Sunday, March 18, 2012


Because of some of my extra-curricular activities, occasionally someone asks that I interpret a dream for them. I try not to. There are certain generalities that apply to dreams and what they mean, and different cultures interpret dreams differently. To the plains Indians, for instance, animals in dreams have great meaning. A horse often calls for the dreamer to be strong, a mouse encourages one to view the whole and not get caught up in details, a lynx advises the dreamer that secrets are afoot, a snake counsels learning and wisdom, and so on. I believe most dreams are little more than mental masturbation, a way for the mind to remain occupied so the sleeper does not awaken. There are, however, some exceptions. There are dreams, and there are dreams.
            It was early morning. I opened my eyes to a lightly overcast sky above towering lodgepole pines. I was warm and comfortable in my sleeping bag, and I struggled a bit to remain awake. As I lay there feeling the cool damp breeze on my face, I became aware of a weight on my chest, inside the bag. The weight moved. I froze. A snake! It had to be. I’d read stories of how snakes would sometimes crawl into a camper’s sleeping bag to take advantage of the sleeper’s warmth. Oh, Damn. I hate snakes.
            There were two possible safe resolutions to the problem. One was to lie still until sunlight struck the bag and heated it to a point the reptile became too warm and crawled away, but I lay in tree shadow, and it would be hours before the sun reached me. The second option was to open the bag and expose the animal to the cold, so it would leave in search of a more protected location. My pulse was pounding from fear. Ever so slowly, I eased the zipper down to waist level, and carefully lifted the top portion of the bag off my chest. Lying over my heart, looking me directly in the face, was a rattlesnake. He flicked his tongue at me and, as the cold air struck him, crawled between the buttons of my shirt and settled himself inside my clothes.
            This was a radical departure from normal snake behavior, and a portion of my fear turned to curiosity. I was surprised that he wasn’t slimy, but felt quite dry and cool. He seemed comfortable and content. God knows I wasn’t going to try to grab him and wrestle him out of my clothes. I didn’t want to get bit. Carefully I sat up and got to my feet. He coiled himself lightly about my waist, and stuck his head out between the bottom buttons of my shirt. I didn’t know what to do. I needed help, and set off up the trail in search of some.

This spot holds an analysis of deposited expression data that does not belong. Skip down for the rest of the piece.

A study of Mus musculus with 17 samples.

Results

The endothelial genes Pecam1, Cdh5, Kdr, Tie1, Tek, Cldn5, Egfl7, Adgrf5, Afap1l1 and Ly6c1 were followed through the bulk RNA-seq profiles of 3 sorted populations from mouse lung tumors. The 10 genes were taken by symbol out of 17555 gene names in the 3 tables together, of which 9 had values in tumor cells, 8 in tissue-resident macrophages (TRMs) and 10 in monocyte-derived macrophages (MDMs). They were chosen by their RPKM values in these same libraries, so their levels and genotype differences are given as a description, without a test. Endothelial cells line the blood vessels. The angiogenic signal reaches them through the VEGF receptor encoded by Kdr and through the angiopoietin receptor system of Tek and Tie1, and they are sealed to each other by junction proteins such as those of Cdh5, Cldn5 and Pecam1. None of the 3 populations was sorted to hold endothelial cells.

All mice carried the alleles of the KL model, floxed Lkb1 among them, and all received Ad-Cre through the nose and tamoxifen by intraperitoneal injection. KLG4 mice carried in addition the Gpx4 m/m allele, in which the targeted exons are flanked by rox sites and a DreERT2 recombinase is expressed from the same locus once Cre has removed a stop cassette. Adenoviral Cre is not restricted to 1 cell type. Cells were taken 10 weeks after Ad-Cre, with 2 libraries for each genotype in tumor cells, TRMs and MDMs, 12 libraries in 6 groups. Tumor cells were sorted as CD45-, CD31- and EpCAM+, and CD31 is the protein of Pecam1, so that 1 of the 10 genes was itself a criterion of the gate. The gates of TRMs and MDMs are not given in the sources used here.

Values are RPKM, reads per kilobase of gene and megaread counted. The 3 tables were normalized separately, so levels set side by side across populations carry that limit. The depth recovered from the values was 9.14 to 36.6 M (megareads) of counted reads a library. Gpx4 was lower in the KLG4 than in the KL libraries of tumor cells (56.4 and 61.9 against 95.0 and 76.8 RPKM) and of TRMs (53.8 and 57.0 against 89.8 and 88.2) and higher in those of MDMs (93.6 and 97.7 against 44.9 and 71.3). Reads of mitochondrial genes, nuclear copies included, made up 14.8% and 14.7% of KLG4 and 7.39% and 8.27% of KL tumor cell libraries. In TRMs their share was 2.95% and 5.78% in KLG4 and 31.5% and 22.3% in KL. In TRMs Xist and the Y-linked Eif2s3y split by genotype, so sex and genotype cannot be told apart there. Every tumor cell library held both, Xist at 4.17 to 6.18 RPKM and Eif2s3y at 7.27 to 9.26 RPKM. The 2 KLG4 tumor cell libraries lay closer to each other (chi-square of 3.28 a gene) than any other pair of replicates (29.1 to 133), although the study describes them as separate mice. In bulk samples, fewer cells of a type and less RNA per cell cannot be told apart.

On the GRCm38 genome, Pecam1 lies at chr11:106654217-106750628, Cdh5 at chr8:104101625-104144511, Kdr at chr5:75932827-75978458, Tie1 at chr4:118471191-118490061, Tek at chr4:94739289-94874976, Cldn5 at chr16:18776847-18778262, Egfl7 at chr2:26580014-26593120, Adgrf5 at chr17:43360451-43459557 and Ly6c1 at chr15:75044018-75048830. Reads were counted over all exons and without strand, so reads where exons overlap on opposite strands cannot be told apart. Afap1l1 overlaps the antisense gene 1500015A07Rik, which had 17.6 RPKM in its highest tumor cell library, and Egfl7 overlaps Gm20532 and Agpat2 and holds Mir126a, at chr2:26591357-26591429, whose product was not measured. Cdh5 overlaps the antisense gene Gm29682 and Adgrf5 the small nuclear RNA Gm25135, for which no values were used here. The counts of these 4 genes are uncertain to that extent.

As I walked the path between the trees, the snake would shift position from time to time, his head appearing above the collar of my shirt to look around, or protruding out of my sleeve against my wrist. As time went on, I realized that as long as I did not challenge the animal everything would be fine. But he was still a rattlesnake, inside my clothes. He might not mind, but I did. We walked a mile or two, and on low rise beside the trail I saw a small, white, block building. A sign above the door read “Department of Herpetology”. Aha! Somebody in there would know what to do about a snake in my shirt. I opened the door and went inside.
            I found myself in a small anteroom, bounded by heavy wire, looking into a laboratory of some type. Seated twenty feet away was a white-coated man, his back to me, peering into a microscope. I spoke to him, but he ignored me. I shouted. Nothing. I complained of a snake in my clothes. No reaction. He continued to work as if I did not exist. Department of Herpetology, my butt! This guy could care less that I had a poisonous snake crawling around in my shirt! I turned to leave, and the door swung open to admit several small children. The snake stuck about a foot of his length out of my collar to see what was going on. I felt his rattle drumming against the small of my back. His body squirmed against me as he became agitated at the activity of the kids. I cautioned them to stay back, to keep away from both me and the snake, but one small girl would not be denied, and pressed forward to see him. She was less than a foot from me when the snake struck. I felt his body tense for the strike, and threw up my hand to protect her. His fangs punctured my left palm. The pain was terrific, like fire, and it immediately began to creep up my arm. I looked at the wounds, and as I did, they began to close. The pain left, strength returned to my knees, my head cleared, and I was fine. The children and the snake were gone. I turned to the man in the lab coat and berated him for not offering any assistance through the ordeal. Still facing away from me, he replied.
            “You didn’t need me. You needed trust and faith, not microscopes and medicine.” He then swiveled his chair to face me and I saw him clearly. I was looking at myself.
            The shock was brittle and I lurched to a sitting position in my bed and peered at the clock. 7:12am. Woof! I was drenched in sweat, shaking and weak.  I even inspected my hand for bite marks. Damn, it was so real! I threw on a robe and staggered into the kitchen to make coffee, the remnants of the dream clinging to me like cobwebs, and heard a knock on my back door. Who the hell would be here at this hour? I opened the door and was surprised to see my friend John, a full-blood American Indian, grinning at me. The last time I had seen him was at a pipe ceremony nearly two years before.
            “Here,” he said, extending a closed fist at me, knuckles up. “This belonged to my grandfather. It’s very old. It’s yours now.”
            I held out my palm. Into it, he dropped a rattlesnake rattle on a small loop of copper wire. A chill took me as I looked at it. When I raised my eyes, John was fifty feet away, walking to his car. He never looked back but offered me a casual over-the-shoulder wave. We’d talk later.
There are dreams, and there are dreams.